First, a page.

You may not yet have heard of Colombian actress Sofia Vergara, but with star turns in ABC's legal drama Dirty Sexy Money and in the upcoming flick Meet the Browns, co-starring Tyler Perry -- following her breakout roles in the movies Chasing Papi (2003) and Four Brothers (2005) -- she will be on your radar screen soon.
The model-turned-actor has a message for young women. In 2001, while at an L.A. endocrinologist's appointment for her son, the doctor noticed that her thyroid, a butterfly-shaped gland located in the front of the neck, was enlarged.
This complementary and alternative medicine (CAM) information summary provides an overview of the Gonzalez regimen as a treatment for people with cancer. The summary includes a brief history of the science and philosophies of care that have influenced development of the regimen, the results of research and clinical studies, and side effects that have been associated with this treatment approach.
This summary contains the following key information:
The Gonzalez regimen is a complex cancer treatment...
He ran a few tests and his suspicions proved correct: Vergara had thyroid cancer. Other symptoms, which she did not have, include enlarged lymph nodes in the neck, hoarseness, trouble swallowing or breathing, and a cough unrelated to a cold. About 33,550 new U.S. cases of thyroid cancer were diagnosed in 2007 -- nearly two-thirds in people between the ages of 20 and 55, and mostly in women.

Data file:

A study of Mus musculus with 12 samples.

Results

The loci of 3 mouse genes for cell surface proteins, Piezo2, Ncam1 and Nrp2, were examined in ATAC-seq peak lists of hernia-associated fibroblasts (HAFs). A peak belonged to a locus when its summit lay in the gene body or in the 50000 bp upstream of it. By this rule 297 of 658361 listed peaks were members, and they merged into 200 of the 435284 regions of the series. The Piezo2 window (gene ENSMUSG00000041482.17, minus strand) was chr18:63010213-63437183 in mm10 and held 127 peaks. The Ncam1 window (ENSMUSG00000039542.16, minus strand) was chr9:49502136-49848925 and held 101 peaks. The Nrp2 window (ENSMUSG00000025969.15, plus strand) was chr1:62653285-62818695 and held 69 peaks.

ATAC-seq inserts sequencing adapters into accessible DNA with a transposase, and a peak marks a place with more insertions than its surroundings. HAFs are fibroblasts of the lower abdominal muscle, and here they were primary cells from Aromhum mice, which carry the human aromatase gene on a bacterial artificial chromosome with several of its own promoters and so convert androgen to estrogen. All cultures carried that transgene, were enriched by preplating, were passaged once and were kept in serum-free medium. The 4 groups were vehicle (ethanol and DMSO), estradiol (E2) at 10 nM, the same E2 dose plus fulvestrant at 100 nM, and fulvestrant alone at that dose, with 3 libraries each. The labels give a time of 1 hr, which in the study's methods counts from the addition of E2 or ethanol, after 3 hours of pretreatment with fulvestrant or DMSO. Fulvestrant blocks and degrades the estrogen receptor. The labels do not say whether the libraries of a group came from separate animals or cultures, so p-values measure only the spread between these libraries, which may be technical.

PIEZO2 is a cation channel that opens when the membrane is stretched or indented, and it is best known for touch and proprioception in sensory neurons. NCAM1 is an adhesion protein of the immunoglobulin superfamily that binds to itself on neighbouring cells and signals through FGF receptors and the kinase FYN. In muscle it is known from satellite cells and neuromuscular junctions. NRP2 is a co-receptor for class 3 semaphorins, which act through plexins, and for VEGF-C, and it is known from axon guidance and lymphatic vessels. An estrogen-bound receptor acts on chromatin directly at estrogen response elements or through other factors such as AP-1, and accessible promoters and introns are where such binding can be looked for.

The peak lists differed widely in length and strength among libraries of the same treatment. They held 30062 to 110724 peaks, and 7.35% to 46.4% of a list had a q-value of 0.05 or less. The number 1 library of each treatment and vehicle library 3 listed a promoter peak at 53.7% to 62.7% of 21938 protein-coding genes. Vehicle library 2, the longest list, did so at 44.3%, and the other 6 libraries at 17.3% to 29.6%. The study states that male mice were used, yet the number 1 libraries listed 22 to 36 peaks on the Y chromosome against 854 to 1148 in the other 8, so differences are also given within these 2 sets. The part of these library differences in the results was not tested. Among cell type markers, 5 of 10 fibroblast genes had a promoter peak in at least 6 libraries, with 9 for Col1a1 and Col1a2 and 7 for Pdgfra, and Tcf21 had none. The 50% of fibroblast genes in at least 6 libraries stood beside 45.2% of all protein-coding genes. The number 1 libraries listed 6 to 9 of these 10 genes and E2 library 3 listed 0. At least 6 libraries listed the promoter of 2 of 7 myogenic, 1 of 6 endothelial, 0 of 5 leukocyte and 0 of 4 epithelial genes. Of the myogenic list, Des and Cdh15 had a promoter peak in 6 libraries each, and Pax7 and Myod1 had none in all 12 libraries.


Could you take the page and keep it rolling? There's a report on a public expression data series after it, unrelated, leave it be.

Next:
Vergara had her thyroid gland removed and underwent radioactive iodine therapy, which destroys any thyroid tissue not taken out during surgery. She also takes medication to replace the hormones normally produced by the gland.
"I feel great and I am really on top of it," says Vergara. "Young women should be informed about thyroid cancer because you can have it without symptoms, but an endocrinologist can check your thyroid easily."
Her cancer also opened her eyes to others battling the disease. In late 2001, she helped create and fund Peace and Hope for Children of Colombia, which opened a new pediatric cancer pavilion at Hospital Nino Jesus in 2003. The center provides free chemotherapy to children and gives parents a place to stay during treatments. "When you get cancer, you get an extra awareness of what is going on around you, and you want to help where you can," says Vergara.